Over the course of a decade, we have changed how we consume news and journalism. Articles like Mashable’s update on Google Reader highlights how our information consumption has taken on a tone of immediacy and documented social interaction. In light of that – it surprises me that major news organizations missed the boat on both RSS Feed Readers and Aggregation site.
If we consider the position that “news” and “opinion” are the content that readers are consuming, and that the physical newspaper or the television broadcast is just the channel to the consumer, then it’s an easy step to realize that if customers want to switch to another distribution channel, then the product manufacturer should support that.
For example, no one says “I buy Warner CD’s” – rather they buy specific artists, regardless of who is distributing the content. There is no loyalty to the channel itself.
Aggregation sites like AllTop, Digg and DailyPerfect aren’t manufacturers of content – rather they have simply re-mix and re-factor the content others create. Thus, they should be treated as just another distribution channel, ones that should have been bought by newspapers long ago.
If you use an RSS reader for your news reading, imagine how different your consumption patterns would be, if you were using an RSS reader that was owned and developed by the New York Times? For me, the NYT would understand from my OPML file that I am interested in Technology, Entrepreneurship and Social Innovation, the NYT could use this to present me with contextual advertising, and could feed that profile information into their own research, to learn how to mould their paper to better meet my tastes. Multiply that by the many people using the same RSS reader, and the NYT would once again own a large number of viewing eyeballs, and would be able to sell/market/pitch other services to me. As it is now, though, my eyeballs are owned by NewsGator.
Aggregator sites have become critical to the news consumption process. Rather than relying on editorial staff and layout artists to dictate what news is more important, we are using semantic technologies and ranking algorithms to let the juiciest tidbits float to the surface. Why Digg or Alltop haven’t been bought by someone like the Washington Post Company boggles my mind. These tools would allow them to simplify their own internet infrastructures (rather than constantly modifying/tweaking their UX, they could let the crowd tell them what is interesting and let that come to the front cover).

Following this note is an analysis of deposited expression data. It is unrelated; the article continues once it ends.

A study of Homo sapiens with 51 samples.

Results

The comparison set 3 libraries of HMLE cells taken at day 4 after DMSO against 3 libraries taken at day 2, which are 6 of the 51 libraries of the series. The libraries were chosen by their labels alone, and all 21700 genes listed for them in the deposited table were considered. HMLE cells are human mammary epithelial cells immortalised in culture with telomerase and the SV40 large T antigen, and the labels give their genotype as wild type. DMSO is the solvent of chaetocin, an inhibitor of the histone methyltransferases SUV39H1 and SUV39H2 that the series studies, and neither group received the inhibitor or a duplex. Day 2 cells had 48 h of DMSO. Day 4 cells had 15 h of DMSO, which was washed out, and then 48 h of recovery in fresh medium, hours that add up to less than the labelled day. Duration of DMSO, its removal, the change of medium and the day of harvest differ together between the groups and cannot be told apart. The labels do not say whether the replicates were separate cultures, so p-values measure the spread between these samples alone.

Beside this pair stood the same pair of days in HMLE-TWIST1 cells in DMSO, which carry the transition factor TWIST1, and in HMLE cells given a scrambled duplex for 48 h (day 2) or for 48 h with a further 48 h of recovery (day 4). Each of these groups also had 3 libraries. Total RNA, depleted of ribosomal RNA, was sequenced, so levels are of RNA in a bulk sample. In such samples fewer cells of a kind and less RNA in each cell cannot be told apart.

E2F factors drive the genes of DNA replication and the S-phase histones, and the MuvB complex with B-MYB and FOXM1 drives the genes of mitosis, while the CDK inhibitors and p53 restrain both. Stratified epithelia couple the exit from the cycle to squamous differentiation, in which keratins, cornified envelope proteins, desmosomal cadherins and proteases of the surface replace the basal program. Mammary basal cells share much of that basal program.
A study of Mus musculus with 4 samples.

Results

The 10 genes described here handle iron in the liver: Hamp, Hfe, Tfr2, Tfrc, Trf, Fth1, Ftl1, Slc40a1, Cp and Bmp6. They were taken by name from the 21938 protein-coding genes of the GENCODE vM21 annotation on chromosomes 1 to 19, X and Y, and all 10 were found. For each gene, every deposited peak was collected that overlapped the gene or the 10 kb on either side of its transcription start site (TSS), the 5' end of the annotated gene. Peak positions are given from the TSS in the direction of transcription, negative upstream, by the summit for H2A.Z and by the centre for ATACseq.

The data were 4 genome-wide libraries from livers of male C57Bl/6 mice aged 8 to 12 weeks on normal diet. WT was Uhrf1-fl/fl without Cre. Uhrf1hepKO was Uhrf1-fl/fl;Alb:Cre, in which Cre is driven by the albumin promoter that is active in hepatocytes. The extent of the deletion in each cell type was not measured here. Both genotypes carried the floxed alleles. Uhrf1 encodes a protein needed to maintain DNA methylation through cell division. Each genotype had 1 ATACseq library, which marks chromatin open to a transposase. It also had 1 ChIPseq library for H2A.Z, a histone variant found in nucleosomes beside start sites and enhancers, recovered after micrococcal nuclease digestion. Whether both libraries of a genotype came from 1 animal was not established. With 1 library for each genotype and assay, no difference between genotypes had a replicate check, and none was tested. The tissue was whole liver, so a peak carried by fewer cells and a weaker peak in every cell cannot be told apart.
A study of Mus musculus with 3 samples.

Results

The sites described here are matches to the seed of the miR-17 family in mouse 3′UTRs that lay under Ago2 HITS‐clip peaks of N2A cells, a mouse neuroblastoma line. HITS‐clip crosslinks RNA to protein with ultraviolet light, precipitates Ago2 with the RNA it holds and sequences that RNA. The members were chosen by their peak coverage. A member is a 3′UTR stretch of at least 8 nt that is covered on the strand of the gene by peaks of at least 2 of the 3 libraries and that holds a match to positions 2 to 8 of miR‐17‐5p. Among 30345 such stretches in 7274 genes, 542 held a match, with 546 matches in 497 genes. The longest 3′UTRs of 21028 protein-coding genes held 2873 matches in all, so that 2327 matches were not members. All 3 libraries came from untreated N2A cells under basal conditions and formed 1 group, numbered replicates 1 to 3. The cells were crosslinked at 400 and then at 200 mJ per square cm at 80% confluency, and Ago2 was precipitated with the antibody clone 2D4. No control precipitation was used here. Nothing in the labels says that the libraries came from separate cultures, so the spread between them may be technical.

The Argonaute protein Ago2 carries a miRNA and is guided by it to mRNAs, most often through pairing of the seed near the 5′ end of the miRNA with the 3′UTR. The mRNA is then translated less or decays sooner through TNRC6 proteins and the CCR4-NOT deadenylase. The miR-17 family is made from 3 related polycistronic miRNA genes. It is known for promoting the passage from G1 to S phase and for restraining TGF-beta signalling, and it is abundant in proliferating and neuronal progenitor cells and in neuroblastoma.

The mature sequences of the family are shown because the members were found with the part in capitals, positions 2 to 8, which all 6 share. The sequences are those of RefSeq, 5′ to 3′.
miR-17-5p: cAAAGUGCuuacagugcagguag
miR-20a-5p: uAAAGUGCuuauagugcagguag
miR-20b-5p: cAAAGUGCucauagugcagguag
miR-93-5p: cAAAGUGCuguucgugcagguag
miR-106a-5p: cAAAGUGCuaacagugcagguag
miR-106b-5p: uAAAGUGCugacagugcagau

Furthermore, by owning the aggregator and feed reader experience, they could own the user’s experience of content that belonged to their competitors. This would give them unparalleled market research and would grant them the opportunity to do things like advertise for their paper, even though the user is reading an article sourced from a competitor’s paper.
Although both the RSS and News Aggregator spaces are busy – News organizations have a significant advantage: advertising. I hear they have a lot of empty advertising space, so it would be a great time to pick up a couple of the afore mentioned web properties (acquiring a great user base) and then leverage their advertising assets to pull more of the early and late majority of consumers into the RSS Reader space.
This strategy won’t lead to more newspaper sales, but it will lead to more advertising and affiliate marketing opportunities, which would translate directly into enhanced cash flow for the newspapers.
So yes – RSS Readers and News Aggregators are 2 great missed opportunities, but perhaps it’s not too late to seize them?